Irene Bloemraad (Ph.D. Harvard; M.A. McGill) is the Class of 1951 Professor of Sociology and the Thomas Garden Barnes Chair of Canadian Studies at Berkeley. She is also the founding Director of the Berkeley Interdisciplinary Migration Initiative. In 2014-15, she served as a member of the U.S. National Academies of Sciences committee reporting on the integration of immigrants into American society.
Bloemraad studies the nexus between immigration and the political system. She is the author of Becoming a Citizen: Incorporating Immigrants and Refugees in the United States and Canada, which argues that the United States’ lack of general integration policies has led to lower levels of citizenship among immigrants in the United States compared to Canada, and poorer outcomes in political incorporation. Professor Bloemraad’s work suggests that any effective immigration policy must examine not just border control, but also integration and settlement policies. Bloemraad is also the co-editor of Civic Hopes and Political Realities about the civic inequalities that arise from unequal voice and visibility for immigrant organizations. She co-edited Rallying for Immigrant Rights, the first book-length treatment of the 2006 immigration rallies that brought millions of people into the streets to oppose the criminalization of undocumented migrants. More recently, she co-edited the Oxford Handbook of Citizenship, a state-of-the-art synthesis of current scholarship on citizenship. Her current work looks at the effects of multiculturalism policy on socio-political outcomes, the prevalence of immigrant nonprofits in suburbs and central cities, the political socialization of people living in mixed legal status families, and the resonance of rights claims in shifting voters' views on immigration policy.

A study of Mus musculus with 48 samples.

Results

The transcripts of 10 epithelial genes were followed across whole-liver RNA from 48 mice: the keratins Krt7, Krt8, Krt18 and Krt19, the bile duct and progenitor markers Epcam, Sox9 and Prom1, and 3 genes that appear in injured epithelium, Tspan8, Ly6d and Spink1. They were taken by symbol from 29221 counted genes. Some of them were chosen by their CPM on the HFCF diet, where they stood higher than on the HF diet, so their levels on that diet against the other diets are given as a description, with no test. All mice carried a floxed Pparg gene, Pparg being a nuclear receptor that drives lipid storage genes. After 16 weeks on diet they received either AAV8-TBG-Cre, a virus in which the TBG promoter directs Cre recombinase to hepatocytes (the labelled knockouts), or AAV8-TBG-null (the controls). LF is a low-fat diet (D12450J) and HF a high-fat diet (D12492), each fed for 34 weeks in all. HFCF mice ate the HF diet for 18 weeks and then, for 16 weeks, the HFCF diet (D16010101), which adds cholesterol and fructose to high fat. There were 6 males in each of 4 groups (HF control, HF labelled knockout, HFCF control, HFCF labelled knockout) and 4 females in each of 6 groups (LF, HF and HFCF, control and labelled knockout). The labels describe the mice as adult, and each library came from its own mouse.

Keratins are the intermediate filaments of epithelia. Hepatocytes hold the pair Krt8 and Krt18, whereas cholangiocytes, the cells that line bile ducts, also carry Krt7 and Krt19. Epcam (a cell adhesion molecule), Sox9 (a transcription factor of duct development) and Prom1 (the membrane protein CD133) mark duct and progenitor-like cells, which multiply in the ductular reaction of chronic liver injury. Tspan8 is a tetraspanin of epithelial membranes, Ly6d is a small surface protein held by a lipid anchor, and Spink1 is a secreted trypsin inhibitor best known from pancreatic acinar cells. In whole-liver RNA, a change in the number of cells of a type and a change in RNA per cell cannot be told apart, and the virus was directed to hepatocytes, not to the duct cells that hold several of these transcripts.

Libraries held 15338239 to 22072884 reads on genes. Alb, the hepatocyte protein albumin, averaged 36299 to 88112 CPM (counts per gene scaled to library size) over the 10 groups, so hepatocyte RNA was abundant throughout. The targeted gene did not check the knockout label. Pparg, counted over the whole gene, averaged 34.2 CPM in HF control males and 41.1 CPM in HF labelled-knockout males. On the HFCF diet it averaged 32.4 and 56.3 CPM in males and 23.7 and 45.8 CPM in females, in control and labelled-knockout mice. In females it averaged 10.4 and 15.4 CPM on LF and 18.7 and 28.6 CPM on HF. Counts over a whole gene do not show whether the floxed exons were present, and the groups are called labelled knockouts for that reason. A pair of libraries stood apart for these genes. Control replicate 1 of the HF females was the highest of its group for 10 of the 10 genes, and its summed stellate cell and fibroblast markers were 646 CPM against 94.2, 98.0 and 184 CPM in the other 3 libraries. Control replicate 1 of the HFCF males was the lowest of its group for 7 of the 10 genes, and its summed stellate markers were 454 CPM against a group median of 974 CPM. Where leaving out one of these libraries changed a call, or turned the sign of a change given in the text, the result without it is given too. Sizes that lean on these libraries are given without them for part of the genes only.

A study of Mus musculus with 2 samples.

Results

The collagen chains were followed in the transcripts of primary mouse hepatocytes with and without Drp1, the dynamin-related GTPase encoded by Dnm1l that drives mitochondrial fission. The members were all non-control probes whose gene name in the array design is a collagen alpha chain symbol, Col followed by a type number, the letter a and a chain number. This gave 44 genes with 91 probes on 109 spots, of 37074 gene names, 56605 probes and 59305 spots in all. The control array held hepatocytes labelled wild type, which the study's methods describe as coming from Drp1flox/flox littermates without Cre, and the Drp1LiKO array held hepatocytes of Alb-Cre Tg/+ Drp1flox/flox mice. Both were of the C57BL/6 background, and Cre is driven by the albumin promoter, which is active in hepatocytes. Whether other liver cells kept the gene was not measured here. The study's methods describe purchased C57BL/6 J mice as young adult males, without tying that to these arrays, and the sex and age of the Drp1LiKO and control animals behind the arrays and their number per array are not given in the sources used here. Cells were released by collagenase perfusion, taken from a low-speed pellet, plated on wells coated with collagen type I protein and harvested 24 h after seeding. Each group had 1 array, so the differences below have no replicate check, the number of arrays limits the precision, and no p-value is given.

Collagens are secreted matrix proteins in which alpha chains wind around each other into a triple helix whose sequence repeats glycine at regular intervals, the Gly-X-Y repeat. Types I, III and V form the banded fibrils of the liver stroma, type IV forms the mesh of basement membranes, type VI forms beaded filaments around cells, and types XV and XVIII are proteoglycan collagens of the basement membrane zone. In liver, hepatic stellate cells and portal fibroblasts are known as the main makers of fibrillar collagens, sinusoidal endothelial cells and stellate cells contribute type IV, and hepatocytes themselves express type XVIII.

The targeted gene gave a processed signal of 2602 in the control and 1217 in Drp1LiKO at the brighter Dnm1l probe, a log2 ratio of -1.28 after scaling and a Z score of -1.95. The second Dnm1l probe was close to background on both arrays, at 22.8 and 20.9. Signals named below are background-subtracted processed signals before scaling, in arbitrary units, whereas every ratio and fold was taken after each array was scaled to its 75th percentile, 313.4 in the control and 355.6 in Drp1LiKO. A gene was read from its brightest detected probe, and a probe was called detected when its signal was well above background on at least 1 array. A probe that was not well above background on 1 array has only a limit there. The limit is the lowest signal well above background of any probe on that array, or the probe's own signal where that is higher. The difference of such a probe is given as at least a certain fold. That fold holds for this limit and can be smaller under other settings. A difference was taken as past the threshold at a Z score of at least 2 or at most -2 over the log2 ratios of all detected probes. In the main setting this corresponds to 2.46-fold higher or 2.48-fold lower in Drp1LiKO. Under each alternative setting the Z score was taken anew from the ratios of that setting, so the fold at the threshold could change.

In the News
UC Berkeley researchers today announced the launch of the Berkeley Interdisciplinary Migration Initiative, a joi
The field of immigration studies at Berkeley is growing rapidly. Faculty research and courses examining the intersections of migration, race, citizenship, and politics have grown in recent years along with the changing demographics of the student population.